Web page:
When Frank Lampard was appointed Chelsea manager in July 2019, many wondered whether this was evidence of a new and previously undetected sentimental streak in the club’s ruthless owner Roman Abramovich.
Lampard, who succeeded the unloved Maurizio Sarri, was a departure from Abramovich’s traditional template of hiring experienced, or at least very successful, managers.
This was the appointment of someone with raw potential who just happened to be a Chelsea legend as the club’s all-time record goalscorer, with a tally of 211, accompanied by 11 major trophies.
It qualified as a gamble, almost a shot in the dark, by Abramovich’s usual strategy. It was certainly a step into the unknown by Chelsea’s standards.
Lampard had been a manager for one season at Derby County, missing out in the Championship play-offs – or as those questioning his credentials for such a huge job pointed out, he had taken the Rams from sixth on arrival to sixth at departure.
Any notions that Abramovich had suddenly got romantic or sentimental, or would offer Lampard mates’ rates based on past history after a poor run of five defeats in eight Premier League games, were swept away in brutal fashion when he was unceremoniously sacked on Monday morning.
Abramovich does not do romance or sentiment. He does reality of a very cold kind and while he would have wanted the perfect ending for a man he respects greatly, Lampard was operating within the same boundaries as all of the Russian’s previous managers.
Chelsea’s statement, while outlining Lampard’s iconic status and even containing rare comment from Abramovich himself, did not mince its words about why the decision had been taken, saying the club had been left „in mid-table without any path to sustained improvement“.
And with that, Lampard was gone. Sacked by lunchtime on Monday.
The initial reaction was that Lampard’s dismissal was ruthless even by Abramovich standards, coming after he manoeuvred Chelsea into fourth place and the Champions League last season utilising youngsters such as Mason Mount and Tammy Abraham as the club operated under a restrictive transfer embargo.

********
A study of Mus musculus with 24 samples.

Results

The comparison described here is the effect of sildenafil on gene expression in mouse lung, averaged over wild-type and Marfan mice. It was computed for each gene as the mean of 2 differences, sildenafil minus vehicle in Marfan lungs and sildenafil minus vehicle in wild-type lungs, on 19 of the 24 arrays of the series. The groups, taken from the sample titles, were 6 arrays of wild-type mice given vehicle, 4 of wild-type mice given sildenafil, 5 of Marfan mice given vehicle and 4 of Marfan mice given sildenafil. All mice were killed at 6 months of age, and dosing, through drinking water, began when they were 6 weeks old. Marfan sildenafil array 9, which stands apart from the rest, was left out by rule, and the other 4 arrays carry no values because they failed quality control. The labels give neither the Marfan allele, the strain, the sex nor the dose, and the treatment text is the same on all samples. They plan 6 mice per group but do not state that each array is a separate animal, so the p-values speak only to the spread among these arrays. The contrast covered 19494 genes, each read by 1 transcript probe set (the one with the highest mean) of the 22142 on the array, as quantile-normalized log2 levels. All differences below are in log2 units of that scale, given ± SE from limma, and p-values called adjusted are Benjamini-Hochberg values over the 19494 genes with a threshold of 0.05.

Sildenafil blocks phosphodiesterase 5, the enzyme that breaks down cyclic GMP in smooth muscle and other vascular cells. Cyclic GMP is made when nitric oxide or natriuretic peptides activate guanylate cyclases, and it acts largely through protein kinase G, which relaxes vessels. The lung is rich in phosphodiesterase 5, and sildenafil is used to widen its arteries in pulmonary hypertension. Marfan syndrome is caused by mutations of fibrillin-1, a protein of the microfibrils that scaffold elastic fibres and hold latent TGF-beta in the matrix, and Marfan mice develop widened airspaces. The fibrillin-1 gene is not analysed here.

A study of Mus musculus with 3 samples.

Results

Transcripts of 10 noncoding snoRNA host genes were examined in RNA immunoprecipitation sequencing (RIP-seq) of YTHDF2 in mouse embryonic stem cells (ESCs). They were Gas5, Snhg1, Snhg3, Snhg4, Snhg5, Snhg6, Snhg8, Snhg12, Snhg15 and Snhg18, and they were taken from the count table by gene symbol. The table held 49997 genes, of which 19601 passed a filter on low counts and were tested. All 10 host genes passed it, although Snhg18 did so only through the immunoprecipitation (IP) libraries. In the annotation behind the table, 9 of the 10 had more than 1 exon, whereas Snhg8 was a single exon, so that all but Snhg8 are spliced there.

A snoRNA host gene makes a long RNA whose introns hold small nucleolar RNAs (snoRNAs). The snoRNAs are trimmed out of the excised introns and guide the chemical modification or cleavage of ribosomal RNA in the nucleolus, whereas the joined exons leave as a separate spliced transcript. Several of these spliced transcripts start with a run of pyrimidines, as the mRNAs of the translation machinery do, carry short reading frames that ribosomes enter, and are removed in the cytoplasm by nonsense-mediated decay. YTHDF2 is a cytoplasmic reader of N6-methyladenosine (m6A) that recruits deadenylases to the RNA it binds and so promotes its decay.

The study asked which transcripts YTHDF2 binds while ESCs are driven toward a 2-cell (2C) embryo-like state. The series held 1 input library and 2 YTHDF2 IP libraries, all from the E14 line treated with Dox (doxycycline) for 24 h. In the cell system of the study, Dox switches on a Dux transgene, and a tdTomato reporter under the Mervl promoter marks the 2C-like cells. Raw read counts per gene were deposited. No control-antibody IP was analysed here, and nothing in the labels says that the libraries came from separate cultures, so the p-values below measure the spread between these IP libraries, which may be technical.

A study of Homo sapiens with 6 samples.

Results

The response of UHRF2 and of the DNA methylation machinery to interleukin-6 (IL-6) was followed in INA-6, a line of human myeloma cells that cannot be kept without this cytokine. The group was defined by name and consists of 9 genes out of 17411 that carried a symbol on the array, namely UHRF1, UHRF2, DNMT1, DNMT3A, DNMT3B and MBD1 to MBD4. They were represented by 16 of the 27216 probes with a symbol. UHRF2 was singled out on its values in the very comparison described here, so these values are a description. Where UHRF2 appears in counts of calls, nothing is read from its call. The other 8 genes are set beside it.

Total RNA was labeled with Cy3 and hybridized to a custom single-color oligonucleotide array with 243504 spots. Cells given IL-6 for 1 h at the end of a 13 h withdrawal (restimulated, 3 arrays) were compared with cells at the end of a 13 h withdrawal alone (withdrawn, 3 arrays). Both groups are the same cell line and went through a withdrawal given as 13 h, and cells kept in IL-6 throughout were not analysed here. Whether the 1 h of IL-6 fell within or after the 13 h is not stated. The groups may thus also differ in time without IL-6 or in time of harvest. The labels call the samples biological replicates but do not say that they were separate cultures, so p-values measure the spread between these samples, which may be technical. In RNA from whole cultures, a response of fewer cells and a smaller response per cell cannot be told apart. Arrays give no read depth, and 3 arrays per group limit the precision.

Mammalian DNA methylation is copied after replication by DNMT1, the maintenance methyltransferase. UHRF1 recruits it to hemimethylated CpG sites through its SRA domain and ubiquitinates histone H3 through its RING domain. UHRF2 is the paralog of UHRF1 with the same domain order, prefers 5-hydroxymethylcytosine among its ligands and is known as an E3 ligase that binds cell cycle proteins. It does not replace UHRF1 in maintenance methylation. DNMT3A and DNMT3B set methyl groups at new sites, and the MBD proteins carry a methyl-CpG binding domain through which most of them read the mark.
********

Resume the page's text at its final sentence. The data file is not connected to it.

He was also working without Chelsea’s great talisman and biggest talent Eden Hazard after his sale to Real Madrid.
Lampard missed out on the chance of silverware in his first season when favourites Chelsea lost 2-1 to Arsenal in the FA Cup Final but whether this would provided any sort of cushion against his eventual sacking is highly debatable.
There will be widespread sympathy among Chelsea’s supporters for a beloved figure, although their sadness will be framed within the fact so many of Abramovich’s sackings have simply been the signal for a new manager bringing renewed successes.
Lampard’s terms of engagement with Chelsea and Abramovich changed significantly in the summer once that embargo ended and he was handed more than £200m to spend in the transfer market on the back of that first promising season.
He knew the rules. He had lived them long enough as a player and seen enough Chelsea managers go through the revolving door at Stamford Bridge – he played under nine – to know the score.
Abramovich always backs managers but the price on that ticket must be success. If you do not improve, do not at least have Chelsea near the Champions League places, you will be sacked. A glorious past with the club will count for nothing.
These are the rules that claimed Lampard.
The Blues’ squad looked drained of all confidence and they were moving further away from the clubs Abramovich expected Lampard to be challenging after his spending spree.
And yet it all went wrong so quickly.